A former Saudi Arabian intelligence officer hiding out in Toronto says he was the target of an assassination squad mere weeks after the killing of journalist Jamal Khashoggi.
Saad Aljabri made the allegations in court documents released in Washington today.
Mr. Aljabri said that Crown Prince Mohammed bin Salman is after him because of “damning information” he has.
Mr. Aljabri alleges the assassination team was stopped by Canadian border guards, who were suspicious of the group. One person of the team was allowed into Canada on a diplomatic passport.
The Canadian government is offering up to $5-million in humanitarian aid to Lebanon, with, it says, more help on the way.
In the Conservative leadership race, Erin O’Toole raked in the most money from fundraising in this year’s second quarter, with Peter MacKay and Leslyn Lewis not far behind.
One of the experts that WE announced would lead a workplace review of the charity says she is not doing so. Also on the WE file, La Press reports that National Public Relations had been in talks to help WE Charity deliver its services in Quebec, as WE did not have enough French-language capacity.
The Canadian Security Intelligence Service is warning universities that China is using international recruitment tools such as the Thousand Talents Program to try to gain scientific knowledge for its economic and military benefit.
China has sentenced a third Canadian man to death over drug charges. It is not clear yet whether the sentence is part of the wider dispute between Canada and China, which led to two Canadians being arbitrarily detained in China.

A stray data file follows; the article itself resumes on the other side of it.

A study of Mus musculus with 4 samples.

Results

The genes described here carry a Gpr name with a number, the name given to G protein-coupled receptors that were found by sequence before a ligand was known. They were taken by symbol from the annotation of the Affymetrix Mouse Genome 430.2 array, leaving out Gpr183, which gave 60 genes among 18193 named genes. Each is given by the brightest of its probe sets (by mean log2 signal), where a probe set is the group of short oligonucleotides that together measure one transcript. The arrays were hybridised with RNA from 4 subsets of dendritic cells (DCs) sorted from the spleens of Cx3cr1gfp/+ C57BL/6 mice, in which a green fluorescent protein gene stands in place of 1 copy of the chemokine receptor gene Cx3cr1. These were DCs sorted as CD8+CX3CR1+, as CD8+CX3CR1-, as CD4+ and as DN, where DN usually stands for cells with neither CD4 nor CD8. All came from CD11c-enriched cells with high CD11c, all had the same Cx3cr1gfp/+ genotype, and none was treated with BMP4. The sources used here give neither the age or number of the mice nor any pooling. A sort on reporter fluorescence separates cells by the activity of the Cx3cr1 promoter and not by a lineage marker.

And Canadians who started receiving the Canada Emergency Response Benefit in the early days of the pandemic could soon be moving on to Employment Insurance – but there are still a lot of policy questions about how they are going to get there.
Bessma Momani (The Globe and Mail) on the disaster in Beirut: “Lebanon prides itself on being resilient, especially after surviving a brutal 15-year civil war that tore communities apart along sectarian and geopolitical lines. But even before Tuesday’s explosion, the Lebanese people felt helpless and their future looked bleak. There was already mass unemployment, food insecurity and hunger, continuous electricity shortages, and a crumbling health care system hit by the coronavirus pandemic. The explosion at the Beirut port on Tuesday felt like the last nail in the coffin of a once-glamourous, fun-loving country.”
Robyn Urback (The Globe and Mail) on provinces’ return-to-school plans: “But elementary-aged students, about whom the science on COVID-19 is less clear, will see about as close to a return to normal as it gets: full-time in-class learning, normal class sizes, regular start times, no real physical distancing. Good luck, and hope it works out.”
Mohammed Adam (National Post) on the lack of alternatives: “The problem is that many parents who put their kids through online studies during lockdown say it was not the best learning experience and are loath to use it again. Crucially, the reopening plan does not include a reduction in class sizes as many experts had suggested, and the fear is that overcrowded classrooms and lack of proper physical distancing could, potentially, pose a threat to children. But the government has stubbornly refused to reduce class sizes.”
John Ibbitson (The Globe and Mail) on Derek Sloan’s candidacy for the Conservative leadership: “There are people who long for the Canadian equivalent of the populist, nativist U.S. President. Mr. Sloan appears to want to be their champion. If that’s true, not only will he not lead the Conservative Party, he may eventually not even be part of it.”
Sol Mamakwa (Maclean’s) on the pandemic’s impact on First Nations communities: “The COVID-19 pandemic has exacerbated the health and social inequities in Kiiwetinoong, and is starkly evident in the mental health crisis our communities continually face. Since the start of coronavirus, we have lost 10 people to suicide—the youngest only 13 years old. Our communities have limited doctors, minimally trained mental health specialists or facilities to address the crisis, and we do not have well-stocked pharmacies.”